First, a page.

Climate change deniers are often want to pronounce the current trends in our climate as being part of a larger cycle of warming. Despite the overwhelming lack of evidence for such a claim, it is always important to look at climate cycles to see where and how they might play a part.
New research published in the journal Eos looks at the long-term cyclical activity of the world below our planet’s surface.
Article author’s Michael Rampino from New York University and Andreas Prokoph from Carleton University found that cyclical activity below the Earth’s surface does indeed play a part in rising sea levels and global warming.
Taking place in periods ranging from 60 million to 140 million years: not 100 years.
Rampino and Prokoph’s analysis looked at long-term fluctuations in the global climate, the diversity of marine organisms, and sea level changes, in an attempt to identify a unifying cause.
Recent studies into what goes on beneath our planet’s surface have found that the upwelling of mantle plumes — the rising up of heated rocks from the mantle that eventually reach the surface — have a noticeable impact on the eruption of large igneous provinces — known as LIPs — which are basically large masses of rocks that have formed from congealed lava.
Rampino and Prokoph analysed recent scientific findings and observed that the mantle plumes coincide with cyclical surface changes, which in turn suggests that the mantle plumes themselves may be cyclical.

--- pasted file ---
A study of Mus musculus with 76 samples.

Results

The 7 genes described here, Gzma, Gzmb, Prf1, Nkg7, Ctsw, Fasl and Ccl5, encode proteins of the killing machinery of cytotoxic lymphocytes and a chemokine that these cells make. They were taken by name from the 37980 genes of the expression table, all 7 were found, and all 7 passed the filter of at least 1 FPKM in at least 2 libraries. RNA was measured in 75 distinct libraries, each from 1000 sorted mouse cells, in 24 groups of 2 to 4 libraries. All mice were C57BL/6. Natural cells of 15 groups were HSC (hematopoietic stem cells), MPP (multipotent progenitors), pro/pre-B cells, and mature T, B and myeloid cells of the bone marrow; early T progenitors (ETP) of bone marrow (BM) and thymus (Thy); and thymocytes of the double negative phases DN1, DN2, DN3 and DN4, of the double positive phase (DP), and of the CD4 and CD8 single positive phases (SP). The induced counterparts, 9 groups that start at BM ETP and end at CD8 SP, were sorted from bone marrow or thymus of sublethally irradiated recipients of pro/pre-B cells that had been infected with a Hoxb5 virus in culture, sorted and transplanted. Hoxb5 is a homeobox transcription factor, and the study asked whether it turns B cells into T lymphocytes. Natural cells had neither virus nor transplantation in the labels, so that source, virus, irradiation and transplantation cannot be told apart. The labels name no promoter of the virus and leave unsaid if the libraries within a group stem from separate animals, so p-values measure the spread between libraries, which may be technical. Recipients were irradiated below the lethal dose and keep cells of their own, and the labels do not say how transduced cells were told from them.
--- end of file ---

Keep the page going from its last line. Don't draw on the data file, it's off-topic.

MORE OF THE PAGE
One example comes from Prokoph’s own recent research which documents the fact that many geological changes had cycles of 60 to 140 million years.
More broadly, the researchers write, mantle plumes push up against the earth crust, shifting water to continents, thereby producing sea-level rise, and precipitating volcanic activity, which produces additional CO2, leading to a warmer climate.
“Mantle plumes appear to show regular cycles,” Rampino explained. “So what’s remarkable is there is a strong indication of a connection between changes on the earth’s surface—such as volcanic activity and rising sea levels—and what’s occurring deep inside the earth. This suggests a fascinating and powerful union between below-surface geological events and changes in our climate.”